Roger Federer: 20th grand slam for the ‘greatest ever’ sportsperson
Swiss star beats Marin Cilic in the Australian Open final and Caroline Wozniacki secures her first grand slam title
Roger Federer beat Marin Cilic yesterday in a thrilling five-set match in Melbourne to clinch his 20th grand slam crown and sixth Australian Open title.
It was a see-saw match in which the 36-year-old Swiss star had to dig deep to see off his Croat opponent and emerge victorious with a score of 6-2, 6-7 (5-7), 6-3, 3-6, 6-1.
In lifting the Norman Brookes Challenge Cup, Federer is only the fourth player after Margaret Court, Serena Williams and Steffi Graf to win 20 or more major singles titles.
It was a remarkable win, not only because of his age but on account of the searing heat inside the Rod Laver Arena.
Even with an evening start and the roof closed to allow the air conditioning to take the sting out of the heat, it was a temperature that drained both men in the three hours and two minutes of tennis.
But elation not exhaustion was writ large over Federer’s face when he accepted the trophy. “I’m so happy, it’s unbelievable,” said the Swiss player, who has won three of the last five majors. “It’s a dream come true and the fairytale continues.”
The next target for Federer is to become the oldest man to win a tennis major, a record currently held by Ken Rosewall, who won the 1972 Australian Open at the age of 37 and two months. Federer turns 37 in August so were he to win one of the four grand slam titles next year he would take the landmark from Rosewall.
Asked if he felt he could do it, Federer told the BBC: “I’ve just got to keep a good schedule, stay hungry, then maybe good things can happen. Then I don’t think age is an issue, per se. It’s just a number.”
What the press said about Federer’s victory
According to Sky Sports tennis pundit Mark Petchey, Federer’s achievement of winning a 20th grand slam makes him the “the greatest sportsperson of all time”.
The former British tennis player added: “When you start taking into the account the amount of years he’s being doing it for now and the myriad skills you need to be a great tennis player, it’s not one thing, it’s athleticism, it’s the mental side of things, the flexibility, the coordination, it’s the strategy.”
It’s a contentious claim given the success and longevity achieved by the likes of Pele, Donald Bradman, Sachin Tendulkar, Serena Williams and Sugar Ray Robinson, but in tennis terms it’s increasingly hard to dispute that the Federer is the greatest male star the sport’s ever seen.
The Times has no doubts about Federer’s standing in the history of the sport, saying that despite his age he has “inner powers that others simply don’t possess”. The paper says that Cilic gave his all and the 29-year-old deserves high praise for fighting his way back to two sets apiece, but then “Federer really began to weave his special magic and prove himself once again to be the greatest tennis player that ever lived”.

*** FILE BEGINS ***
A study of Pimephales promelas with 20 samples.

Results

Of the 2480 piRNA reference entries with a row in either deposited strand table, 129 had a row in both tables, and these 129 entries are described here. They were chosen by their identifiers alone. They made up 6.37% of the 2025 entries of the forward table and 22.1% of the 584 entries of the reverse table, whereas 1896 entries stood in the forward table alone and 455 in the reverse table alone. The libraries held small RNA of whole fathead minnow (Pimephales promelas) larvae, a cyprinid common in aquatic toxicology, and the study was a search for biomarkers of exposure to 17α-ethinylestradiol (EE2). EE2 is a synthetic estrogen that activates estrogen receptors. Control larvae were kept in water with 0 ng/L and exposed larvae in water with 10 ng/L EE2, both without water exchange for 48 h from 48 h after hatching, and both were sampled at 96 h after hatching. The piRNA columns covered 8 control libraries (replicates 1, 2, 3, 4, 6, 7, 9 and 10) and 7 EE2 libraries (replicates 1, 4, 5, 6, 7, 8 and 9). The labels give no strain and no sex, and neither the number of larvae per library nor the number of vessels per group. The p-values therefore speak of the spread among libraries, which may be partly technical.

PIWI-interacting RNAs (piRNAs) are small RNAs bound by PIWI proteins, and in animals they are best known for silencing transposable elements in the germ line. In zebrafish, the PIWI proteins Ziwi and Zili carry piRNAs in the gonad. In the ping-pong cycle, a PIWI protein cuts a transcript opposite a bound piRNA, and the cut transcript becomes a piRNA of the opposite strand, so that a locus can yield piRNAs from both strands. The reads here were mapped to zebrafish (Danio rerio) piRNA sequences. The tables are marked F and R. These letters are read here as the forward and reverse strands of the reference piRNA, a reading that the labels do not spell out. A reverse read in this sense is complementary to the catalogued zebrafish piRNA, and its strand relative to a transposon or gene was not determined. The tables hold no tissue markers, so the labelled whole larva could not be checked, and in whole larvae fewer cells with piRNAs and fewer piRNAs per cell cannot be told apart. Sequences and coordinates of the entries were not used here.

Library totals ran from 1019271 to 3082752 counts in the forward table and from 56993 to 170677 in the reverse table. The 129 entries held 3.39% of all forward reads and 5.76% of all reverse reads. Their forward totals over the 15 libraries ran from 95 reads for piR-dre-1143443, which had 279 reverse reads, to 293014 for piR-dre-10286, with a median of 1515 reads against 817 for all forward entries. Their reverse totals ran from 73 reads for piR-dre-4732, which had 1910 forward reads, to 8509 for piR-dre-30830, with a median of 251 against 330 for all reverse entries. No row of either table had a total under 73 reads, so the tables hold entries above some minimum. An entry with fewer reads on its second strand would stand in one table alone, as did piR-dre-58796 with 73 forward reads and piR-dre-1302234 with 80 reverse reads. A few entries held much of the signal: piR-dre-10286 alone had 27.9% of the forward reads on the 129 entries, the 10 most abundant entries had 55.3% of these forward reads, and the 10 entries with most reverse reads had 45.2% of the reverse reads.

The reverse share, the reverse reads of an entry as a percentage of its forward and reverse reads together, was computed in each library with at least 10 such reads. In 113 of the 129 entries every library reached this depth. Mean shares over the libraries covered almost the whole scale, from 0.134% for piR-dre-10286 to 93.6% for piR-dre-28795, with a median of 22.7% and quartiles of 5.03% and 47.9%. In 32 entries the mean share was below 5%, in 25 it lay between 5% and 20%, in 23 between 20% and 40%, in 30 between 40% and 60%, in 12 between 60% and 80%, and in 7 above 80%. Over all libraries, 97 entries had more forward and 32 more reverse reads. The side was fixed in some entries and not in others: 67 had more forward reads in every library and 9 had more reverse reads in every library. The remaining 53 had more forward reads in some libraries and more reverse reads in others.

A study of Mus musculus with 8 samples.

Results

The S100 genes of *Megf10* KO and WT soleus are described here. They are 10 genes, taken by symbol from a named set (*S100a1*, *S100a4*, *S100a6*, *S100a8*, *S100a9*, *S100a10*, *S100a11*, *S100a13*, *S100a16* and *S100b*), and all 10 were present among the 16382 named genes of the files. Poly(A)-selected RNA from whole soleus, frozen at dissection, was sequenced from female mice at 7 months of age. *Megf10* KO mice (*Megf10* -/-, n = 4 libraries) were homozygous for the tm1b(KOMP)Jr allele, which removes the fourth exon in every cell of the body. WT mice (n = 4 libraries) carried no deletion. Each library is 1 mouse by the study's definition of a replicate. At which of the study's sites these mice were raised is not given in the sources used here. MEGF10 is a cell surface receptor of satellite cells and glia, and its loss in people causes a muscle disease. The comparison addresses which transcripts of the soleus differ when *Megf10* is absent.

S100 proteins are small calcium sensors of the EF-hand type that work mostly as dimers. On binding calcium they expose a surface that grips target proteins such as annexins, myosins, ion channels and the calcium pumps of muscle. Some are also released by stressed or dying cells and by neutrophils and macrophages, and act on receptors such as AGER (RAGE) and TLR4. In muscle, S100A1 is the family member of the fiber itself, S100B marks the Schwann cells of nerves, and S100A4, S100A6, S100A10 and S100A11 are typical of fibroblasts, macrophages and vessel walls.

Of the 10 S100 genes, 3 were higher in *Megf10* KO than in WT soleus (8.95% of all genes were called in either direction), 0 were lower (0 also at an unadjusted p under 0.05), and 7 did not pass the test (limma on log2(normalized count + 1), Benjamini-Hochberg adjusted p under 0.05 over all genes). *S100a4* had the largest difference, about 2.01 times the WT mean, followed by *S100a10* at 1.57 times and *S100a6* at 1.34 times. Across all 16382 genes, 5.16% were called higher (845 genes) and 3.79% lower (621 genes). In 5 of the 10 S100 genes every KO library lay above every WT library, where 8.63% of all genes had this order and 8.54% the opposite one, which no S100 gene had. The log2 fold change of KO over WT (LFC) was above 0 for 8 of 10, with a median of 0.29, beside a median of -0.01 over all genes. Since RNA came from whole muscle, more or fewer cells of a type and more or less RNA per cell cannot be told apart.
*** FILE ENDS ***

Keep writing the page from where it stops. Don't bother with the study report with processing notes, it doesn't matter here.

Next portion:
“Outrageous genius” is how The Guardian described Federer’s victory, remarking that it’s 15 years since he appeared in the first of his 30 grand slam finals, beating Mark Philippoussis at Wimbledon. His main rivals in the last decade and a half – Rafael Nadal, Novak Djokovic and Andy Murray – look to have their best days behind them and yet Federer continues to float about mere mortals, “inhabiting a cloud that is eternally silver-lined”.
Finally, the Daily Telegraph chose an apt turn of phrase to describe Federer’s 20 grand slam titles and 96 titles in all, calling them “a mind-boggling tally”. Who could argue with that?!
Wozniacki beats Halep for first grand slam title
Caroline Wozniacki was also victorious in Melbourne this weekend after beating Simona Halep in the Australian Open women’s singles final.
Wozniacki secured a 7-6, 3-6, 6-4 win against Halep to secure her first grand slam title and also the world No.1 title.
“It feels really good, it’s great,” the 27-year-old told the Guardian. It’s really nice not to have to answer the ‘no grand slam’ question ever again and now finally I have the world No.1 and a grand slam title. It’s very special.
“[This] means a lot. I think I had everything else on my resume: No.1, year-end championship, big tournaments, 27 titles. I basically have beaten any player that’s been playing and is on tour right now. This was the only thing missing and I think it means something extra even that it took a little bit longer. But I made it here.”